The virtual machine market for industry standard systems includes some big players. It includes suppliers of system software, such as Microsoft, Red Hat and Novell/SUSE, and suppliers focused more on the development of virtualization technology and related management and security tools, such as VMware and Citrix. Recently, Citrix and Novell announced that they were going to dance more closely together. Now Novell/SUSE is dancing with Citrix, Microsoft, VMware, the Xen community and the KVM community.
Here's what Citrix and Novell had to say
Citrix Systems, Inc. and Novell, Inc. today announced a collaboration that expands choice for customers through increased virtualization interoperability and new assessment tools to help pinpoint the economically most advantageous approach to virtualization. Through this new partnership, Novell has certified SUSE(R) Linux Enterprise Server as a "Perfect Guest" running on Citrix(R) XenServer(R) and both companies will provide joint technical support to customers. As a result of this agreement, the more than 4,500 enterprise applications certified as Novell Ready for SUSE Linux Enterprise Server are now Citrix Ready(R) community-verified when running in a SUSE Linux Enterprise Server guest virtual machine on XenServer.
SUSE Linux Enterprise Server is the only Linux operating system that has been optimized to be the perfect guest on all major hypervisors, with outstanding performance when running on XenServer. Now customers and cloud providers gain the added value of the free XenServer as an enterprise-class virtualization platform for Linux and Windows environments, providing them with an expanded set of technologies and processes to run and manage heterogeneous data centers.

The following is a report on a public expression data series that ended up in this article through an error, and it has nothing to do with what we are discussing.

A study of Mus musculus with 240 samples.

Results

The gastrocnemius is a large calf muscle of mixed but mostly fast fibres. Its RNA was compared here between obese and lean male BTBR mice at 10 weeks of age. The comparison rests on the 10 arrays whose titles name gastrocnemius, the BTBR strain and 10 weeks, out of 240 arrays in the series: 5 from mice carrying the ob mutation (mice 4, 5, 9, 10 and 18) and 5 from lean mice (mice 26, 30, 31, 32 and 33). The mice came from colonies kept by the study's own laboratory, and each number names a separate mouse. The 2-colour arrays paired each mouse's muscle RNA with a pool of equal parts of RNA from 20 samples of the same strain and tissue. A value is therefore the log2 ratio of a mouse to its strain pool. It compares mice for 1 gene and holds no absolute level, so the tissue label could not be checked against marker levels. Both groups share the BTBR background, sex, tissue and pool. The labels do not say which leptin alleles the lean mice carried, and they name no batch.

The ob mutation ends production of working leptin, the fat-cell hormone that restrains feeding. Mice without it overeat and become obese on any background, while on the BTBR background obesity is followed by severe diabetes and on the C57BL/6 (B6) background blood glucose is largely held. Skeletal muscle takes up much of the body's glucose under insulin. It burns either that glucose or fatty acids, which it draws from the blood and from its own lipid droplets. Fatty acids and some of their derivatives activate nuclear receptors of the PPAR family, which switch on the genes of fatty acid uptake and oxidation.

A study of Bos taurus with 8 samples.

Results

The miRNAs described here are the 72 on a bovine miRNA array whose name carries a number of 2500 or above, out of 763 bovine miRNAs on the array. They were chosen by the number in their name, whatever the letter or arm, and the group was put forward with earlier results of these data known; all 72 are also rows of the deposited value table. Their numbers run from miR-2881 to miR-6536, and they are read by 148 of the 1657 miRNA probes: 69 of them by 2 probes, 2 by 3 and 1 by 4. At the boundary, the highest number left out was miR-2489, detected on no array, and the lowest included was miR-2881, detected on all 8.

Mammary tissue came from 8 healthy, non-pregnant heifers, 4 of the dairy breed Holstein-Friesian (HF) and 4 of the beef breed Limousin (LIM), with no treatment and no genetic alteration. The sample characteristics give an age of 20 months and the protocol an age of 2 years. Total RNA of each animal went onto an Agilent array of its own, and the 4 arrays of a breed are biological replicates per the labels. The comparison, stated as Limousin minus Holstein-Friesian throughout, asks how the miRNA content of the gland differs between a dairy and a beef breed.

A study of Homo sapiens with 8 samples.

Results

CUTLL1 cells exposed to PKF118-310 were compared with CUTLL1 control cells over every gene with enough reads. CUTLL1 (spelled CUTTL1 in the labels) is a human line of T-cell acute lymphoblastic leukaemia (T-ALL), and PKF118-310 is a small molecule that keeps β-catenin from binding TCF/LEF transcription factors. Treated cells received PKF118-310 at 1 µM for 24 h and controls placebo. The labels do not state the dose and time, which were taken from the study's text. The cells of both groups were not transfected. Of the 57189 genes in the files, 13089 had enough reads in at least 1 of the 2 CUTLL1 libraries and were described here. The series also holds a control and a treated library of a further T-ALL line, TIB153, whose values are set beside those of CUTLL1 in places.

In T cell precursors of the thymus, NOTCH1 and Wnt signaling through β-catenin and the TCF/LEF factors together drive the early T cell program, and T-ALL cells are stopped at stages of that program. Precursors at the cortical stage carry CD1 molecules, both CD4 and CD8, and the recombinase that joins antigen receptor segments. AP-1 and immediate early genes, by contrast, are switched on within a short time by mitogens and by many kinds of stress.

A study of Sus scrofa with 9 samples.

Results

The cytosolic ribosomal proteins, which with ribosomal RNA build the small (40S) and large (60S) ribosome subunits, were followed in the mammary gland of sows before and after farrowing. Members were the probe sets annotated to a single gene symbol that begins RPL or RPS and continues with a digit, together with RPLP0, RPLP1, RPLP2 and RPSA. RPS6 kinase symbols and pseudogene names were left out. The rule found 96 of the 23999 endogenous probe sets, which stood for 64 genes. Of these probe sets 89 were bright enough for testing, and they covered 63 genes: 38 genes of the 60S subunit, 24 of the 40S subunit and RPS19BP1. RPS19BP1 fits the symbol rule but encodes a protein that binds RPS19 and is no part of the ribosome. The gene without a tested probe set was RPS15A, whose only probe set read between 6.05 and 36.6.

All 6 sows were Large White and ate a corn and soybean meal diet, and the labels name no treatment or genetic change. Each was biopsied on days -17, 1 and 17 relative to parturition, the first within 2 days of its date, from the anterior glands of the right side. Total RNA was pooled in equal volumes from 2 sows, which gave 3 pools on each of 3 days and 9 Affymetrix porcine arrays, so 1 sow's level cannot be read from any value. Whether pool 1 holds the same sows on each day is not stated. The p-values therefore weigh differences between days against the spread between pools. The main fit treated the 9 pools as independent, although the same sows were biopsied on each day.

In addition, Citrix will participate in the PlateSpin(R) Recon for Assessment Program, which enables Citrix Solution Advisors (CSA) channel partners and the Citrix internal services organization to begin offering customers virtualization, server consolidation and cloud readiness assessments using the Novell(R) toolset. PlateSpin Recon from Novell is a data center workload profiling, analysis and planning tool that combines consolidation planning with capacity management to give customers an ongoing view of their physical and virtual infrastructure. PlateSpin Recon takes the guesswork out of complex server consolidation and capacity planning initiatives and helps accelerate the move to virtualization.
The collaboration between Citrix and Novell is strongly supported by leading technology vendors across the IT community, such as HP: "Customers require a seamless transition between virtual and physical environments to lower their risk of system downtime," said Scott Farrand, vice president, Infrastructure Software and Blades, HP. "This new capability from Citrix and Novell, when combined with industry-standard HP ProLiant server platforms, will allow organizations to simplify virtualization management while extending the value of their hardware."
Snapshot analysisA virtualized environment could easily contain Windows, UNIX and many different Linux distributions all neatly encapsulated into virtual machines. It could also include access, application, network, and storage virtualization as well. The overall environment could contain VMware, XenServer or Xen, Hyper-V, or KVM as well. It could also contain industry standard systems from Cisco, Dell, HP, IBM and several others. If one considers all of the possible interesting permutations and combinations, it is clear that an organization could easily find itself trying to support a dizzying array of configurations. This could most certainly lead to support issues and dynamic games of finger-pointing (those who point last, point best).
Various suppliers of virtual machine technology, including Microsoft, VMware and Citrix, have seen the issue and are trying in their own lovable ways to use this as a way to grab the marketing high ground. "We support you better than those others," is their cry.
How are they doing this? By developing joint testing and support programs. Microsoft has been working closely with Novell and recently Red Hat. VMware has been working with Microsoft, Red Hat and Novell. Citrix has been working with Microsoft, Red Hat and Novell. This mesh of support agreements, while very confusing, could actually help an IT organization find the solution to difficult compatibility issues because all of the major virtual machine player are working with all of the major operating system suppliers. In the end, the customer wins.